Andaman & Nicobar to be major amphibious warfare base
Port Blair: India is planning to convert its
Andaman and Nicobar tri-services command into an major
amphibious warfare hub by setting up full-fledged training
facilities and basing a sea-and-land fighting unit to provide
teeth to its capability to take the battle into enemy shores.
With over 550 islands dotting the strategically located
spot in the Bay of Bengal with near 500 of them still
uninhabited, the Andaman and Nicobar Islands provide the
Indian armed forces the ideal landscape to train its troops on
amphibious warfare, which entails landing on the beaches of
the enemy territory and taking the gun fight right into the
"There are plans to have an amphibious warfare training
facility in the Andaman and Nicobar islands just as the jungle
and guerrilla warfare school that the Army has in the North
"The hundreds of virgin islands here provide the ideal
training facility for the troops to gain expertise in the
specialist operations," a senior officer from the Andaman and
Nicobar Command said here.
The tri-services command here, which came up in 2001 after
a need for a joint all-service formation was felt, already has
surface units to support amphibious operations, which are
difficult manoeuvres considering that the troops are exposed
to greater risks while entering open landscape in hostile
The Command here already has naval surface vessels such as
a large Landing Ship Tank (LST) that can carry about 220 fully
armed troops along with six trucks, 10 main battle tanks and
12 infantry combat vehicles at the same time for long
duration. In fact, it could carry 800-men battalion too for
The vessel also has a medium LST, apart from several
Landing Craft Utility (LCU) with capacity to carry 35 armed
troops right up to the beach and land there, the officer said.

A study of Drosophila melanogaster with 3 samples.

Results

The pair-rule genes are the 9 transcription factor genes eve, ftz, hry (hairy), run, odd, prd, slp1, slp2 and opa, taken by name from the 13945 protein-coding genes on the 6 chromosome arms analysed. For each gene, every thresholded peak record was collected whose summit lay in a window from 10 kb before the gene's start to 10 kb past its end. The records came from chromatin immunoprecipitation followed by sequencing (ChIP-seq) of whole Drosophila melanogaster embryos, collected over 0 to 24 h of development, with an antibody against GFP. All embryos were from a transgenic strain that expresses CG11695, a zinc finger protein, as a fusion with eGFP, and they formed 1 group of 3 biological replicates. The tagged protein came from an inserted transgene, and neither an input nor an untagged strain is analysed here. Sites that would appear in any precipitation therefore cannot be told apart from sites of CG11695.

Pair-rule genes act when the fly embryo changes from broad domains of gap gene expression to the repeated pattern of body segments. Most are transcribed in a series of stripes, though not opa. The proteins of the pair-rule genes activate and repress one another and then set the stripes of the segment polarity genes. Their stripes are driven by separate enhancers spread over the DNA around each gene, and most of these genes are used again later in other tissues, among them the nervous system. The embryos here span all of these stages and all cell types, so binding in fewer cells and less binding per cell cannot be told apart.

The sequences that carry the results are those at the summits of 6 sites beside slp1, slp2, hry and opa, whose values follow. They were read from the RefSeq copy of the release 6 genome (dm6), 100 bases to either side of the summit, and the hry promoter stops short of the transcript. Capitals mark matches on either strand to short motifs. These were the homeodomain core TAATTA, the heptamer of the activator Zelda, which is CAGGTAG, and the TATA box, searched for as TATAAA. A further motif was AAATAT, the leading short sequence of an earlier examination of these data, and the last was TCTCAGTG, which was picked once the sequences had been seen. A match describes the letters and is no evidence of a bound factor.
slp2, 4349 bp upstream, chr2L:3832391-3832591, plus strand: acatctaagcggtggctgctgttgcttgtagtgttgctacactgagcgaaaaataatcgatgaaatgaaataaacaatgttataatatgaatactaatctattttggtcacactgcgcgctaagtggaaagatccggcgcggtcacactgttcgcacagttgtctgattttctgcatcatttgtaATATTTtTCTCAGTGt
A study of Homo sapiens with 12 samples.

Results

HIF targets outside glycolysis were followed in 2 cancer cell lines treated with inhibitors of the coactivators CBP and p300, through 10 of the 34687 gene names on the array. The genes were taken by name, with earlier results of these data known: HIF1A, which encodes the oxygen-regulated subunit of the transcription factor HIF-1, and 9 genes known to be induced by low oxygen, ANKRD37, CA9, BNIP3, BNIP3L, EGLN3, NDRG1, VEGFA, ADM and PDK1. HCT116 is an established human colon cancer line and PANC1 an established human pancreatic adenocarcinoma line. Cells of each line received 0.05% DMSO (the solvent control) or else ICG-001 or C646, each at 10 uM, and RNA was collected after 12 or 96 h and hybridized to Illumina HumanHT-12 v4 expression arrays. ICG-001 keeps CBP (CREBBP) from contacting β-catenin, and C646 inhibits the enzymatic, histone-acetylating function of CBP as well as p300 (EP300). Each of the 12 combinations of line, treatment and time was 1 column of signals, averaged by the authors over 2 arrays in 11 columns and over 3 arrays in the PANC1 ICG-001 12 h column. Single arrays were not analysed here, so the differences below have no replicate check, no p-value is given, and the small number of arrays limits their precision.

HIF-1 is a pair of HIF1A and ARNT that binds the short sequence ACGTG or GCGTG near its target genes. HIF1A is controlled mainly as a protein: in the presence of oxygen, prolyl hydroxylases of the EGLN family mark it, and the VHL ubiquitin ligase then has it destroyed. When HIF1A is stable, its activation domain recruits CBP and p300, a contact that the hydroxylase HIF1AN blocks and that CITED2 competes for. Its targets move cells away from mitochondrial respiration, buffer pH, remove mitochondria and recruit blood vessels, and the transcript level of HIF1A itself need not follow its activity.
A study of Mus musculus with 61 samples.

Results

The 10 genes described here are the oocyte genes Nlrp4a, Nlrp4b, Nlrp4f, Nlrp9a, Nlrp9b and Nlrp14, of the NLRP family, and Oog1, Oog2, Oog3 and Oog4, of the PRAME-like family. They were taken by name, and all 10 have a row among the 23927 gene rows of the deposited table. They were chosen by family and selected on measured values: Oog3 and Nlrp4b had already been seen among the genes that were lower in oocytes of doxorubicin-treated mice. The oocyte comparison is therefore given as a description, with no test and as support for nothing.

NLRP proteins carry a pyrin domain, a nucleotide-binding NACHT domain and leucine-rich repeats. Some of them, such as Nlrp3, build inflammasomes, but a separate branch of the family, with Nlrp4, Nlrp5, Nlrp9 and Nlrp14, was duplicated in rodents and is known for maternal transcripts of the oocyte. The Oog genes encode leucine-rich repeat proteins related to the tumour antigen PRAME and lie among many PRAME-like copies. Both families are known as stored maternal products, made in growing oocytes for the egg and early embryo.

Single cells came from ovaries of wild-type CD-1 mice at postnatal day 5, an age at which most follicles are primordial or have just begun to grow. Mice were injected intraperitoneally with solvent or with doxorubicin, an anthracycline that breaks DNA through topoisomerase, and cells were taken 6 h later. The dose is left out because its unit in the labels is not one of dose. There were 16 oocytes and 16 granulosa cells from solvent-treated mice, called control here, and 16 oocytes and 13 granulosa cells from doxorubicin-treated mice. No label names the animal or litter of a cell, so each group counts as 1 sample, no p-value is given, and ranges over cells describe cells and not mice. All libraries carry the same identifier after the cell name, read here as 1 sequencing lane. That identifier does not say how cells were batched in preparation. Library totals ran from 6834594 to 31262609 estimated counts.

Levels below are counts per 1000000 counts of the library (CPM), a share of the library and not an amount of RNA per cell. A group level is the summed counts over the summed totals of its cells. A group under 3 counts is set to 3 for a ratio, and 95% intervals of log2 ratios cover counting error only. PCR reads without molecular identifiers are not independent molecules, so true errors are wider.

The LST’s support is very important for storming enemy
land or bases to provide the shock effect with the armoured
vehicles using their fire power to inflict maximum damage to
The Command at present has a Brigade comprising three
battalions- two from the Army and one from the Territorial
Army - deployed in Andaman and Nicobar Islands.
The only dedicated amphibious warfare Brigade of the Army
is currently posted somewhere in the south-eastern coast of
India. Lakshwadeep Islands on the east coast is where the
Army’s Brigade currently carries out its practice session and
However, Andaman and Nicobar having a Command headquarters
based here would have a greater role to play in honing the
skills of the Indian troops, the officer added.
Incidentally, India had only last year inducted an
indigenously built Landing Pontoon Dock (LPD), a warship
larger than LSTs that can support amphibious warfare and also
act as a replenishment ship for navy battle ships operating
away from the Indian waters.
INS Airavat, as the ship is called, can also be converted
into a floating hospital to provide succour to populations hit
by natural disasters, as witnessed during the 2004 Tsunami
that also struck the Indian coast.
In 2007, India had bought another larger LPD from the US.
INS Jalashwa, which was formerly the USS Trenton, too has
a similar role to play as Airavat.
Both these ships are currently attached to the
Vishakapatnam-based Eastern Naval Command.